With new research and advancements in technology becoming available each and every day, we strive to offer the newest, safest and most efficient instruments and procedures to our patients. Here are a few recent developments in the world of glaucoma treatment that we are happy to offer at Minnesota Eye Consultants.

XEN Gel Stent

The XEN Gel Stent is a new procedure that is most analogous to a Trabeculectomy/ExPress Shunt. It is, however, much more refined and less invasive than Trabeculectomy. The XEN Gel Stent is ideal for patients with more advanced glaucoma and can be used as a standalone procedure independent of cataract surgery. Like Trabeculectomy, the XEN Gel Stent forms a filtration bleb, intended to significantly reduce and sustain the patient’s intraocular eye pressure. Although this treatment does have a slower visual recovery than the iStent procedure, it likely lowers pressure more effectively (although there are no comparative studies). The pliability and softness of the gel stent allows it to conform to the tissue within the eye and minimize complications related to synthetic materials. The XEN Gel Stent has been approved in Europe and in Canada for many years and has been used extensively in these regions of the world.

MicroPulse

The MicroPulse laser treatment is a non-invasive therapy that delivers repetitive, low-energy laser ‘micropulses’ above and below the iris, with the goal of lowering the patient’s eye pressure. This treatment is performed within the OR so anesthesia can be administered during the procedure. Some perks to using this laser system is that the procedure is repeatable and the patient’s downtime after is minimal. Most patients do not experience pain after the therapy, but may be asked to wear a patch for the remainder of the day.

The Cyclo G6

GATT (Gonioscopy-Assisted Transluminal Trabeculotomy)

GATT is a modified Trabeculectomy – a glaucoma procedure commonly performed at Minnesota Eye Consultants. A Trabeculectomy creates a new drainage system from the eye’s natural tissue for the aqueous humor (the transparent fluid within the eye that can cause high pressures) to exit, while the GATT procedure aims at enhancing the patient’s own natural drainage system. Through a small incision, a tiny catheter is placed and rotated around the Schlemm’s canal 360 degrees. This minimally invasive surgery treats patients with open angle glaucoma and is performed within our Ambulatory Surgery Centers.

Kahook Dual Blade (KDB)

The Kahook Duel Blade

The Kahook Dual Blade (KDB) is an ophthalmic blade that makes parallel incisions in the trabecular meshwork and inner wall of the Canal of Schlemm. Incisions created with this device precisely remove tissue from the meshwork and as a result, help reduce intraocular pressure behind the eye. On the day of the procedure, the surgeon will determine whether or not this innovative surgical tool will be beneficial during the surgery. Currently, this device is available at our Ambulatory Surgery Centers.

Sources: medgadget.com, glaucomaassociates.com, www.eyeworld.org, www.kdbcert.com, iridex.com and aquesys.com

CyPass MicroStent - Withdrawn from the Market

The CyPass microstent is an incredibly small device used to create a new channel for fluid to flow out of the eye, ultimately reducing eye pressure for glaucoma patients. This implant is used during Cataract and Glaucoma surgery. The FDA approved CyPass in 2016 based on favorable two-year safety and effectiveness data. Since approval, CyPass has been implanted in tens of thousands of eyes worldwide and has become a popular surgical treatment for the management of glaucoma.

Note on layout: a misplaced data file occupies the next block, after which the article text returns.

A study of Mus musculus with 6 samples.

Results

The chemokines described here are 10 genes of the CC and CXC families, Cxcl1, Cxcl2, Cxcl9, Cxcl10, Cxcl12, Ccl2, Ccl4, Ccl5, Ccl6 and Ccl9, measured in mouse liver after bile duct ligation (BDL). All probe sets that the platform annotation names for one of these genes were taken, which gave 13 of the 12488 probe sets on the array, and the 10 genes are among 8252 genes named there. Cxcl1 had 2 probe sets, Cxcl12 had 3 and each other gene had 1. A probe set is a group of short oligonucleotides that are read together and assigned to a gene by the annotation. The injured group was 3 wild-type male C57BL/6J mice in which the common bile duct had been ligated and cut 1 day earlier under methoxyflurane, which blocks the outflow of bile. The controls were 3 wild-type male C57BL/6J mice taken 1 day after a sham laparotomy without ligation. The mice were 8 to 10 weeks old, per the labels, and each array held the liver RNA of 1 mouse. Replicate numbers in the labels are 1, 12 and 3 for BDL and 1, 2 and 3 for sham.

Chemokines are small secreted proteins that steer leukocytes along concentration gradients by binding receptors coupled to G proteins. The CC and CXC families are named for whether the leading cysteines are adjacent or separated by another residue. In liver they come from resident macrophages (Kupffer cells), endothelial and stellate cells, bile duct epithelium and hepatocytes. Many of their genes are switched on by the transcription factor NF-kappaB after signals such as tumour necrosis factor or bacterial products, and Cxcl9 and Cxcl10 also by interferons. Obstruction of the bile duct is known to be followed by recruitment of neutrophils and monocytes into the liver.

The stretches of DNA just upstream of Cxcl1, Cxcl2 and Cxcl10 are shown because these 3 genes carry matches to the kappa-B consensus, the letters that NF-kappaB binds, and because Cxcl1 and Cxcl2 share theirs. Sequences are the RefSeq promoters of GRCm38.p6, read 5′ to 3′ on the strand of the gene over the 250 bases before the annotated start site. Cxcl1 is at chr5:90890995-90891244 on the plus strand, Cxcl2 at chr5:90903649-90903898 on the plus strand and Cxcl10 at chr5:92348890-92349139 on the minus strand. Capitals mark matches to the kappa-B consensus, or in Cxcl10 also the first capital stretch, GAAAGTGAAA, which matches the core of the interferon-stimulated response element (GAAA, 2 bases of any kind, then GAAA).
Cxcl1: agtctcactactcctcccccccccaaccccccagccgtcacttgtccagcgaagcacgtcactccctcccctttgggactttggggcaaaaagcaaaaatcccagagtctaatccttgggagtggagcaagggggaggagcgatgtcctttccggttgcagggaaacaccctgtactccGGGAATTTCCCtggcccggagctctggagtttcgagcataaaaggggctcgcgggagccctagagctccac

While the Cypass device was approved based on two-year data, the FDA required a follow up “post-approval” study to provide additional safety data. The 5-year safety data are now available, and the results were recently released. While the effectiveness results remain favorable, some patients had an accelerated loss of corneal endothelial cells, the very delicate cells that line the inside of the cornea. Some patients were found to be at higher risk than others, and the risk was closely correlated to the position of the CyPass within the eye. Fortunately, no eye has had any serious consequence so far, however, all eyes that have received CyPass will require ongoing monitoring.

Based on this new information, Alcon has decided to voluntary withdraw CyPass from the global market while it investigates the significance of these findings.

What should you do if you have the CyPass Microstent implant?

We recommend you schedule an appointment for an examination which can determine your risk. The vast majority of patients will simply need monitoring, for example, a yearly exam. For most patients, this can be part of your routine follow up. Your surgeon will determine if you are in a low risk group or a higher risk group. If you are in the low risk group, your follow up will be very similar to your pattern in terms of exam frequency. If you are in a higher risk grouping, you may need more frequent follow up. Again, this recommendation will be based on the position of the CyPass within your eye.

Should the CyPass Device be removed?

An independent group of national glaucoma and cornea experts recommend that CyPass not be removed. Some patients may require device trimming, but the majority will need monitoring without any additional intervention.